In our most recent Linqto Learn, we sat down with James Loperfido, the Director of Business Development at Tangem, which provides silicon hardware for blockchain and digital asset uses. We learned about such complex concepts as digital data and governance, digital currencies, the seamless embedding of technology in our daily lives, and self-sovereign identity. Read more to hear James’ thoughts on the “convergence of identity and payments.”
Digital Data and Governance
In his book “Republic, Lost”, Harvard professor Lawrence Lessig describes the governance model of the United States, especially the lobbying process and how it affects the creation of legislation. Governance is only as good as the procedures involved in creating legislation, and the transparency involved with them. When James realized the extent to which law is affected by private interests, he became aware that digital data decentralization can offer an interesting solution to this problem. It provides the ability to enhance transparency at an institutional level, both on a national scale and a global one, without sacrificing personal privacy.
Understanding Complex Ideas
The ability to leverage digital currencies, in the form of programmable money, to incentivize different behaviors in the long run will most certainly have enormous economic effects. But this is really one of the bigger innovations that people are having a tough time wrapping their heads around. Digesting new complex ideas like asymmetric cryptography, smart contracts, or zero knowledge proofs is difficult. However, once people understand the efficiencies to be captured by using the technology, and the reduction in cost and friction for trade on an international basis, according to James, we can rest assured that the old world will eventually embrace it.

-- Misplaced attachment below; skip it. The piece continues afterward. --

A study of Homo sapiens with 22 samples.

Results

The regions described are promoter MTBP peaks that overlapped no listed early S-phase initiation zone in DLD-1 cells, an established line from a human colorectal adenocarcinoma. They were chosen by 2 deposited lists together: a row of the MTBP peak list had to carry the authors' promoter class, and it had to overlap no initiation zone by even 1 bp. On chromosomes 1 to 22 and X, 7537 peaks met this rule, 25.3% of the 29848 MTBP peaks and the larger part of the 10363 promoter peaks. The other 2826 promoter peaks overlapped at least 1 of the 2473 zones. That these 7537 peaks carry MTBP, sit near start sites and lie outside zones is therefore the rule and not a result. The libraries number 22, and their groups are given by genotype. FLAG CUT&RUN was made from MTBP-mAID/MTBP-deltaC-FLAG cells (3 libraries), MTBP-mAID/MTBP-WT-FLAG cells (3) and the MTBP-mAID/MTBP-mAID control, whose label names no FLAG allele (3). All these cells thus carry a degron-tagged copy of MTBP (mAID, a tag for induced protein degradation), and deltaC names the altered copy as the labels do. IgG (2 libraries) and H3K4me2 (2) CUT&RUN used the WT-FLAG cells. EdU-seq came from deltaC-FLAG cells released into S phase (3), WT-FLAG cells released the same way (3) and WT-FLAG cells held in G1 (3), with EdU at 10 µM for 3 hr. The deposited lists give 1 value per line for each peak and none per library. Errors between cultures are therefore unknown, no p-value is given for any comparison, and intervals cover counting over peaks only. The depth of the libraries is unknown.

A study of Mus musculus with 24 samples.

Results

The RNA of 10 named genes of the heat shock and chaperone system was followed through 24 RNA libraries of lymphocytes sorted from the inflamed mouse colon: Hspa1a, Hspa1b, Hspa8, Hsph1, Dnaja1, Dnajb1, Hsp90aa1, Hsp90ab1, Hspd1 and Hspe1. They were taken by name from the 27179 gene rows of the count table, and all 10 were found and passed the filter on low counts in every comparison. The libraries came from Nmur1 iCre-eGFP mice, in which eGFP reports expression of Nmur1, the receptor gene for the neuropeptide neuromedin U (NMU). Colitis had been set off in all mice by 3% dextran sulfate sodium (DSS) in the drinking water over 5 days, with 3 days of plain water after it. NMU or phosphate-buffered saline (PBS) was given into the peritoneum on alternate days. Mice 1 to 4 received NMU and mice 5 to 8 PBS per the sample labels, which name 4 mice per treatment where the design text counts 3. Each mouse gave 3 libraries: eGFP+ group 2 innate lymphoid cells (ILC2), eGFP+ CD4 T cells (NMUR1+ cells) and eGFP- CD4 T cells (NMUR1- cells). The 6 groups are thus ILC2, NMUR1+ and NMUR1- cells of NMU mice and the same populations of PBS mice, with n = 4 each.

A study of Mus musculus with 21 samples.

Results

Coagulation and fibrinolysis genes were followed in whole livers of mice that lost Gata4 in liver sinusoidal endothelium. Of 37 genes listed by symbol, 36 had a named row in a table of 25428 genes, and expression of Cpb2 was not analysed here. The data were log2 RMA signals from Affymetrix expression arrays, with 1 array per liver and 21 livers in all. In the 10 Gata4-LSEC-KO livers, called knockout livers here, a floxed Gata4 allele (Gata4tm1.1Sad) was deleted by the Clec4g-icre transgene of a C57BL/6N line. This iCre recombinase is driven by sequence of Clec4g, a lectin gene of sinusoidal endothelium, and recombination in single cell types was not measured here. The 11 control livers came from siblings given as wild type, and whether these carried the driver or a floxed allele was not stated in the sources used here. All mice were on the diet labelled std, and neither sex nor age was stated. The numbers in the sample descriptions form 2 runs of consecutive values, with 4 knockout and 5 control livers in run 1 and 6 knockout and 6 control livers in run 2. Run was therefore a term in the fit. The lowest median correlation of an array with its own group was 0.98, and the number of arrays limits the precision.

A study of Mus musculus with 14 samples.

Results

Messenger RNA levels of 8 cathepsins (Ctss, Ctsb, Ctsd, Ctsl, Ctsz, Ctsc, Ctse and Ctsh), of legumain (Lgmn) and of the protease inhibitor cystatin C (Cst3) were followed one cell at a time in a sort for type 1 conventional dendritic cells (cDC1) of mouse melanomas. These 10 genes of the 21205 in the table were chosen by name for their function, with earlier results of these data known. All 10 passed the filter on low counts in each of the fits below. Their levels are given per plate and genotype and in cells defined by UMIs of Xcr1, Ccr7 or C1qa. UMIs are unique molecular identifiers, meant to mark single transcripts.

Seamless Embedding of Technology
James doesn’t feel that the adoption rate for this technology will be too slow due to its large learning curve, as he feels that we realistically can’t expect people to do a lot of homework on it. Instead, James believes that the underlying technology will be seamlessly embedded into people’s lives, and will be adopted as a result of convenience. For example, people don’t know how the catalytic converter or the drive-train of their car works, but they know that when they step on the gas or the brake, or change the gears of the car, it does what they expect it to do.
Underlying technologies like blockchain and its corollaries will most likely be integrated into payment systems, which will evolve in ways that the user doesn’t even know or care about. What they will care about is that transaction costs will go towards zero, and they should understand the implications of that.
Self-sovereign identity is essentially the ability of an individual to control their own credentials in a digital landscape. James’ company, Tangem, is in the business of tying an individual’s digital identity to transactions in the physical world across numerous applications. The idea is that an individual should not need to share all of their data with Facebook and every other website that they visit utilizing cookies. The technology evolution itself has created the idea that, especially with GDPR (General Data Protection Regulation), one should essentially be not just aware of how their data is being used, but also a potential custodian of it. Each person should be easily able to control their data, know who views it, and allow permissions for it to be viewed. This approach gives people much more control over who they share their data with and knowledge about how their data is shared, beyond that initial transaction.
About our Guest Speaker
James Loperfido currently serves as Director of Business Development at the Swiss digital asset infrastructure company Tangem, manages digital asset investments, and acts as a general consultant in the blockchain space. Tangem develops software, firmware, and smart card solutions for digital money, identity, and anti-counterfeit use cases.
He testified as a blockchain technology expert on the New York Privacy Act and serves as a Co-Chair for the Global Blockchain Business Council‘s Digital Identity Working Group. James was born and resides in New York City and Florida. He has entrepreneurial expertise in international business development, DLT frameworks, capital markets, digital asset infrastructure, team building, and sales and marketing.